WORLD sprint sensation Usain Bolt is leaving the opposition to catch him. While others would be content with a medal (of any shade at the Olympics), the Jamaican is focused on helping Jamaica to four gold medals at the London Olympics.

He would not be the first to win four gold medals at the same Games. Yet a four-gold victory in London would put Bolt in an exclusive club with Carl Lewis, who was the last track athlete to win four Olympic titles at the same Games, in Los Angeles in 1984.

Carl followed in the steps of fellow American Jesse Owens who achieved the Olympic quadruple in Berlin in 1936 before Dutchwoman Fanny Blankers-Koen repeated the feat at the 1948 London Games.

The all-time record for a track athlete is the five Olympic golds the “Flying Finn”, Paavo Nurmi won at the 1924 Olympics in the 1500m, the 5,000m, the individual cross country, the 3,000m team race and the 5,000m team cross country.

Bolt, crowned world athlete of the year last week with Australian sprint hurdler Sally Pearson, understands his Olympic ambitions.

“The Olympics is the biggest stage for an athlete and when the Olympics comes around you know it’s not going to be around for the next four years,” he said.

“An athlete doesn’t have a lot of Olympics to compete in – just three or four, depending on how long your career is. So, I take the Olympics really seriously. I know the value of an Olympic gold medal so I really am focused on the Olympic year.”

In 2004, Bolt failed to make it out of the preliminary round of the 200 metres at the Athens Olympic Games, while a year later in Helsinki at the World Championships he was eighth in the 200m final. In 2008, he won three gold medals at the Olympics and repeated the feat at eth World Championships in Daegu. A false start denied him another World Championship triple.

The small Caribbean island of Jamaica, with its 2.9 million people, which is less than the population of many local government areas in Nigeria, celebrates Bolt, whose patriotism oozes. Jamaicans have ignored size to push their country into world super stardom in athletics.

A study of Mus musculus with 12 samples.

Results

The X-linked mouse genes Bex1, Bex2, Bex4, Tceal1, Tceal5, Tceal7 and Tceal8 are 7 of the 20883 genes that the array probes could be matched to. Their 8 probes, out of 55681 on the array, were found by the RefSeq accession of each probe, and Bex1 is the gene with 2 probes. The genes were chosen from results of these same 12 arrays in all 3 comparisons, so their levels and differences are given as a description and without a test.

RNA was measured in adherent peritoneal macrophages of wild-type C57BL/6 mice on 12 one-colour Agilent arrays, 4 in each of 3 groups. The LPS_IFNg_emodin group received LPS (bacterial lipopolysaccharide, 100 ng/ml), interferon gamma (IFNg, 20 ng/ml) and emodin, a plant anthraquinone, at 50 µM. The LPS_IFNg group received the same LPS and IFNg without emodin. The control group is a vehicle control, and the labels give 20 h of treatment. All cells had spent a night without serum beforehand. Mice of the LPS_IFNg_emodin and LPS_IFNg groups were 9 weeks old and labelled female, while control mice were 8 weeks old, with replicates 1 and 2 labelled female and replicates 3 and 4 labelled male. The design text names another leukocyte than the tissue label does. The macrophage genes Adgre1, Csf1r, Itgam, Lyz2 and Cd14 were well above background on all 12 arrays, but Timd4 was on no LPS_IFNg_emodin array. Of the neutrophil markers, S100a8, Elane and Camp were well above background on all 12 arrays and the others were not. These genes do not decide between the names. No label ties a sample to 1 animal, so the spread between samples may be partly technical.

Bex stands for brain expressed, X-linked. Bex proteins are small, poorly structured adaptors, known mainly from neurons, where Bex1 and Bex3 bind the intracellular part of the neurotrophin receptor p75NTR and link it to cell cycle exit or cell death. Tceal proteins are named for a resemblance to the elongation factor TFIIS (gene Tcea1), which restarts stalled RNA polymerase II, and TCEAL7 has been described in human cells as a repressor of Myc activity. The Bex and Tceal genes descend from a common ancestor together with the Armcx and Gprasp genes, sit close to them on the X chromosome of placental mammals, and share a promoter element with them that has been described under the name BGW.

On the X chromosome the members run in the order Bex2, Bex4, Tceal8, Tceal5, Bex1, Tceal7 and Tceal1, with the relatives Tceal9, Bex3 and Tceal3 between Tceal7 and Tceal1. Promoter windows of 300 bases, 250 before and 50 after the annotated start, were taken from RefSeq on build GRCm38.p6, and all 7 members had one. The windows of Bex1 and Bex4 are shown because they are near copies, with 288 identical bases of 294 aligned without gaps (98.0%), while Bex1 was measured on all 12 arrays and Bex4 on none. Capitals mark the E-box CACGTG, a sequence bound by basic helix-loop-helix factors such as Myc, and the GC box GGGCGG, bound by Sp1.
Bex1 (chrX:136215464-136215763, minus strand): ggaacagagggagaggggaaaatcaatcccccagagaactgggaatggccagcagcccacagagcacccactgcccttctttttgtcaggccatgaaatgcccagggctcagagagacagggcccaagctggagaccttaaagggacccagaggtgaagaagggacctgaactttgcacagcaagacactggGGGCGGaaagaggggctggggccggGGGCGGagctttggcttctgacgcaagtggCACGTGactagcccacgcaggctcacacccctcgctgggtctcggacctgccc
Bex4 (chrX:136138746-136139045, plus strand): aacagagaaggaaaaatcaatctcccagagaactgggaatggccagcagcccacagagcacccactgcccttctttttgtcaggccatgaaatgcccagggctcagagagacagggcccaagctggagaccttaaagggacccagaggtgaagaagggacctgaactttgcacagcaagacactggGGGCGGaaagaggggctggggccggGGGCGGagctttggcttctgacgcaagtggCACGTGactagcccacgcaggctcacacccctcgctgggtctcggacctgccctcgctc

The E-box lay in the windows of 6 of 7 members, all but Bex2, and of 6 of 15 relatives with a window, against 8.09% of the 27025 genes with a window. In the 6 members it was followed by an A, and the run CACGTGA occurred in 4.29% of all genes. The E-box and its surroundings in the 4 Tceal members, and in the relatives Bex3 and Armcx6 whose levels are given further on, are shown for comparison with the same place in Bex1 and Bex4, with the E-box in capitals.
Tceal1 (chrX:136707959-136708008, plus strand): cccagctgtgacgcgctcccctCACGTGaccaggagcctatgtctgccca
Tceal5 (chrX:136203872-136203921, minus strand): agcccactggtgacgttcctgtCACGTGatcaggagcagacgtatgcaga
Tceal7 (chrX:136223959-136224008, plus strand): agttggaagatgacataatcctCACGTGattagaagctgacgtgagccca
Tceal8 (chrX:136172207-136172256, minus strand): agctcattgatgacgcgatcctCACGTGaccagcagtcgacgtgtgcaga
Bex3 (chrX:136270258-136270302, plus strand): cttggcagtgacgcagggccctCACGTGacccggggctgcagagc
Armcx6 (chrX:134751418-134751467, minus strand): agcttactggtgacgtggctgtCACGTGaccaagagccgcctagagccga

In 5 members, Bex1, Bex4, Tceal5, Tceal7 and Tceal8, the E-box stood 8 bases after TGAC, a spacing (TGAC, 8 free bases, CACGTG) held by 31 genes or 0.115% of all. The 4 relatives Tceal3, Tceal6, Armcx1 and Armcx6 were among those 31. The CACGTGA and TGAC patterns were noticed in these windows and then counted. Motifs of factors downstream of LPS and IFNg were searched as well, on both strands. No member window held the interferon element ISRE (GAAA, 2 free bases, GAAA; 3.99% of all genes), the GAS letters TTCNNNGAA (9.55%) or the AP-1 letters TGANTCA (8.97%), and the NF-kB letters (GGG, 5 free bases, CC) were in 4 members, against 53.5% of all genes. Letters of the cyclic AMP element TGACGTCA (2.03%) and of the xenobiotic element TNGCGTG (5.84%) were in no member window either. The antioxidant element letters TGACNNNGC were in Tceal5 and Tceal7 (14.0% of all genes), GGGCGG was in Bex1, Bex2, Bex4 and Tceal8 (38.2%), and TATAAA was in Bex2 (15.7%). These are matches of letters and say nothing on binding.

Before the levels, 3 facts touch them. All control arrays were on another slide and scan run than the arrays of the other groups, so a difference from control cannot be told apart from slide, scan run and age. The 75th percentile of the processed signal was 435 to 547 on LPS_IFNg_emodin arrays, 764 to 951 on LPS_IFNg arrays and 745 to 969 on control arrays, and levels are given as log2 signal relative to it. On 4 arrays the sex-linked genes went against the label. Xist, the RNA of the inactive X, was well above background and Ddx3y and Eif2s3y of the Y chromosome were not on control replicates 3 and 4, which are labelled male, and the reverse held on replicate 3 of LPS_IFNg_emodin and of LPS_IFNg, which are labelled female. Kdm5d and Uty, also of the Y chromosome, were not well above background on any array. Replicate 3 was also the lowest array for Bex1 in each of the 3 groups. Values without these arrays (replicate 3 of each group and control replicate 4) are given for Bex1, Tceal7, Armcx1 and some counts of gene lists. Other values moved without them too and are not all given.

Usain Bolt is the not only the most marketable athlete in the world today built a base to support his ambition. After his false start and disqualification at the 2011 World Championships, concluded on Sunday in Daegu, South Korea, he took the 200m with the fourth fastest time ever – 19.40 seconds – and pushed Jamaica to the only world record at the event, the blistering 37.04 seconds in the 100m relay.

Yohan Blake, his young training partner stepped up and the 100m gold, like Bolt, he left Daegu with two gold medals, the second from the relay. To achieve the relay world record feat each Jamaican covered the 100m on an average time of 9.26 seconds!

Two other sprinters are in that team that took home $100,000 from the IAAF, as winning bonus, Mike Frater and Nesta Carter. Bolt would rely on them for the 100 relay.

Asafa Powel could be fit then too. Their bronze in the men’s 400m relay could be the source of Bolt’s ambitions. If he juggles the schedule well and runs the opening leg in the event, he could generate the sort of gap that would make Jamaica unmatchable. Those dwelling so much on Bolt’s lack of experience in the 400m at the top will be hearing from the Jamaican soon. When Bolt puts his mind to something, he is simply unstoppable. The Olympics would be ordinary without athletes who go extraordinary lengths to make the Olympics the festival of feats that informed its re-birth in 1896.

PS: If Bolt succeeds, Jamaica would also excel. If Bolt had been a country, his three gold medals at the 2008 Olympics would have given him a 27th place in the overall medals table, ahead of 53 countries. Jamaica would have slumped from 14th to 24th place without Bolt.

Thanks For My Dad

I HAVE been way from the space to attend to the preparations for the burial of my dad Hilary Nmerengwa Isiguzo, who was buried on 18 November in our village Umuokegwu in Isiala Ngwa South Local Government Area of Abia. I remain immensely proud of his achievements, especially how he raised us his children.

My bountiful gratitude goes to all who contributed to the burial through gifts, visits, and messages. I appreciated knowing that people cared. Two of my friends sent me recharge cards, very thoughtful gifts in those circumstances – the value of the gifts, for me welled up more from the spirit behind them than what they would have cost.

A special gratitude is reserved for those who made it to my village, at least you could confirm that I am not from the city, and I am proud that I am not.